All this month, we’ve been sharing and highlighting the voices and accomplishments of women to honor Women’s History Month. Today is also National Poultry Day, an opportunity to celebrate the farmers that work daily to provide chicken, turkey and eggs for family tables across the globe. In recognition of these two observances, we want to spotlight female poultry farmers and their essential place in the industry.

By and large, women have been left out of the conversation when it comes to farming. I didn’t know about Harriet Williams Russell Strong, a pioneer in irrigation and water conservation who invented new methods of conserving flood waters to supply her California ranch. She single-handedly saved her family farm after being widowed and became the Walnut Queen – the leading commercial grower of walnuts in the country. I’d also never heard of Dr. Mary Engle Pennington, the U.S. Food and Drug Administration’s (FDA) first female lab chief. She developed the standards for safely processing chicken and researched and devised spoilage-free methods of storing and shipping poultry. 

According to the United States Department of Agriculture (USDA) 2017 census, 40% of poultry and egg producers were women. Poultry and egg producers also tended to be younger, with 81% under the age of 64 compared to 66% of producers across all farming categories. Beginning farmers (those farming for less than 10 years) like Dara Martin of Martin Farms accounted for 37%. She’s been farming with Tyson Foods since 2019.

“I think there’s a misunderstanding that women either don’t farm, or that they aren’t as involved or educated in the process of farming,” Martin said. “There are some absolutely amazing women in farming, some of the smartest and strongest women I know.”

This misunderstanding has been felt by many. Tyson Foods’ Kim Tarlton of Tarlton Farms in North Carolina grew up poultry farming, and she and her husband have been running their farm since 2010. In addition to the day-to-day work, Tarlton handles the finances, does their taxes, gets parts for machinery when needed, and helps maintain farm operations. It’s a business, Tarlton said, so you have to be business minded. But even with her wide scope of experience, Tarlton felt like it took years to build respect with other industry members in the community, except with Tyson.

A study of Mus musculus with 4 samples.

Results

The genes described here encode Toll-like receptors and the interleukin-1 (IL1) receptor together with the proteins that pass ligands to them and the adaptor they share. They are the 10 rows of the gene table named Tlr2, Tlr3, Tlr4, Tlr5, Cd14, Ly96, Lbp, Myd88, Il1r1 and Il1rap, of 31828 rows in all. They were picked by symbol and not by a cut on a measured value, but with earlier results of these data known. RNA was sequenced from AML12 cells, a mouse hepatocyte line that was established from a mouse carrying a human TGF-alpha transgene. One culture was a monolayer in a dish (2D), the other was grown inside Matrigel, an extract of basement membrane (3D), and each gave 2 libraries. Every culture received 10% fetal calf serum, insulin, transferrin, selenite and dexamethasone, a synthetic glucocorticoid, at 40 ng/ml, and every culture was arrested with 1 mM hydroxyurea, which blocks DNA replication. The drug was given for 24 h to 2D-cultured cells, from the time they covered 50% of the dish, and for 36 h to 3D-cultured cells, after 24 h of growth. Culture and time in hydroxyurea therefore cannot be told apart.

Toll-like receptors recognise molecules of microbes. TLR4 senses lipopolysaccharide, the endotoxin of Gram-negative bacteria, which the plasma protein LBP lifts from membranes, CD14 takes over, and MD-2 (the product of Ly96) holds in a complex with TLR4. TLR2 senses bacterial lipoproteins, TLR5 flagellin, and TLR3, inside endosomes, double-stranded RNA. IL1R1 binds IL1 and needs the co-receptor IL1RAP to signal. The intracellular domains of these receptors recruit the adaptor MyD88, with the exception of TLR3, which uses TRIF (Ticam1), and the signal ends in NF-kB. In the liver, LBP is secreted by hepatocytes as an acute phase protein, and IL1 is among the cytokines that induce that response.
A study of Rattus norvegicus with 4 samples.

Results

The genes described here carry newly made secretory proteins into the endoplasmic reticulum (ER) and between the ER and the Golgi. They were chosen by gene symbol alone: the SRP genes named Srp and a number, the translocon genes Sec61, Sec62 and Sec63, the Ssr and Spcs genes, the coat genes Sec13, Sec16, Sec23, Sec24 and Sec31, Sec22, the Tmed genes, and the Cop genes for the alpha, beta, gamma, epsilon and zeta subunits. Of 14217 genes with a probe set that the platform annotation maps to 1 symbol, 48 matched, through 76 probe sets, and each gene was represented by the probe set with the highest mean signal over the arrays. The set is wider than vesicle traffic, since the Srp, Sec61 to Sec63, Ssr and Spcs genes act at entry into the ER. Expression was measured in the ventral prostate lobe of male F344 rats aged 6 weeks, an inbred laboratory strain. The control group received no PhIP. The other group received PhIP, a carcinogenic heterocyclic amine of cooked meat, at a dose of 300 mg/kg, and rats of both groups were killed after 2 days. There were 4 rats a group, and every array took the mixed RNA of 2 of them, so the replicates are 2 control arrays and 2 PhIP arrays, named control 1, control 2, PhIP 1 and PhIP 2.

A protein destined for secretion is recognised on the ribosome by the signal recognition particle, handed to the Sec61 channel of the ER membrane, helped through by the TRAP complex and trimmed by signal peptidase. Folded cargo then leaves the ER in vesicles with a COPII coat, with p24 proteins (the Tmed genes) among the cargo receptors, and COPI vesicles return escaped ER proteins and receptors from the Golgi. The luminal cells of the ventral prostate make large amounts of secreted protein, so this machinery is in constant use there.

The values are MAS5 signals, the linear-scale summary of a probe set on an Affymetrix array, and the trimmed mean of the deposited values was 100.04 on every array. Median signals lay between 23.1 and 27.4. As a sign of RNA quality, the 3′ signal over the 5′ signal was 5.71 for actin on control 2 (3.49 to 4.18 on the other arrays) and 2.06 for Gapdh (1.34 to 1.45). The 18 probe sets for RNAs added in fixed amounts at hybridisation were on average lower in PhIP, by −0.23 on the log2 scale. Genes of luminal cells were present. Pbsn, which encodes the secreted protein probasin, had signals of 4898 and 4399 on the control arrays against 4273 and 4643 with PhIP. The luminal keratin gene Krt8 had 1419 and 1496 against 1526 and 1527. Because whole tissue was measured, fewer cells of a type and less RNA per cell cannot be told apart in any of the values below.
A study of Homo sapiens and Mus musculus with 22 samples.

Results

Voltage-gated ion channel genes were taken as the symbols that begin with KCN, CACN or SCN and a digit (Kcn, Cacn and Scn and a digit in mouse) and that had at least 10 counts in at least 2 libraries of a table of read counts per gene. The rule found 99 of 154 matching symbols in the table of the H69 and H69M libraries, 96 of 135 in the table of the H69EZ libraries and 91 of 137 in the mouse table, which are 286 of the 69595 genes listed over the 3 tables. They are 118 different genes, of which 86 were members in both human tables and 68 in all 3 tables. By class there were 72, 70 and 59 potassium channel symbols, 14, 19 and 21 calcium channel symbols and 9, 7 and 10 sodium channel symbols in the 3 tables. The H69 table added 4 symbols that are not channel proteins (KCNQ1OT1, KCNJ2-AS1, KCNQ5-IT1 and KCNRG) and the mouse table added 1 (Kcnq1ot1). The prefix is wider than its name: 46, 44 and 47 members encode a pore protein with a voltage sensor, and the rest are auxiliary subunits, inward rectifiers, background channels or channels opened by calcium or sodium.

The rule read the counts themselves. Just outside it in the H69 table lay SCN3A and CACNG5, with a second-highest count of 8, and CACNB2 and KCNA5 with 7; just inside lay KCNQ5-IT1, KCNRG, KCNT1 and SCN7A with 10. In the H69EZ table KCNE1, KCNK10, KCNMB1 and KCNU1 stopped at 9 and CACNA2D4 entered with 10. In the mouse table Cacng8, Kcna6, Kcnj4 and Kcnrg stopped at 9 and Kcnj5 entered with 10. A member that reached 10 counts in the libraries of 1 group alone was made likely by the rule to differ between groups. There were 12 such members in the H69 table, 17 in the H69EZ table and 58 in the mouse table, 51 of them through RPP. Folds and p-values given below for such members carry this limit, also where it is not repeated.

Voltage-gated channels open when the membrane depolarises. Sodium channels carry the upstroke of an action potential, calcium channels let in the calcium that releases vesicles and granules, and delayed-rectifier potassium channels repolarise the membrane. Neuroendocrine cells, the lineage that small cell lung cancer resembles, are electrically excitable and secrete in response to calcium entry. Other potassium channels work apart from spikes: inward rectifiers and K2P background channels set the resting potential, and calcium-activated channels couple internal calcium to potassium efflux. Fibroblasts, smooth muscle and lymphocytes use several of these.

“Tyson Foods has been amazing for me because I never had to build respect with them,” Tarlton said. “Even at the time when the industry was mostly men, respect was automatically given.” Tarlton’s farm was named a Producer of the Year in 2019.

Stoni Jo Gates, another Tyson Foods contract farmer and 20-year veteran of the industry, also talked about the importance of strong business relationships and industry and community support to the success of female farmers. 

“Tyson has an unlimited amount of knowledge and support for me so I’m confident I can be a good poultry farmer,” Gates said. “I’m never alone.”

Support, encouragement, and education are essential to success in any industry but especially necessary for women in farming where the number of female producers grew by 27% from 2012 to 2017. It’s also important, all three women said, because it’s a profession that feels undervalued by the public.

“I wish everyone had the opportunity to see how much farmers actually care about their animals,” Martin said, “and how hard they work to take care of what’s been entrusted to them.”  

“People look down on it,” Tarlton said. “They think it’s a lesser job.”

Gates said she is proud to provide for her community, even if that contribution is overlooked. It’s a legacy she, Tarlton, and Martin hope to instill in the next generation. 

“Maybe my girls will help increase those numbers of female farm owners and operators,” Martin said. “Maybe the key is having strong examples of female farmers who are passionate about opportunity and industry.” 

The next generation of poultry farmers will continue to innovate, find new ways to streamline processes, integrate new technology, and, foremost, continue to provide the best environment for animals in their care.

“It’s amazing how much poultry farming has changed since my parents started,” Tarlton said. “But we work and continue to improve because care for the birds is the future.”

Tyson Foods has been working with independent poultry farmers since the 1940s and currently works with more than 4,000 independent poultry farmers. We supply the birds, feed and technical advice, while the farmers care for the chickens by providing the farm, housing and labor.

Learn more about our relationship with independent poultry farmers here.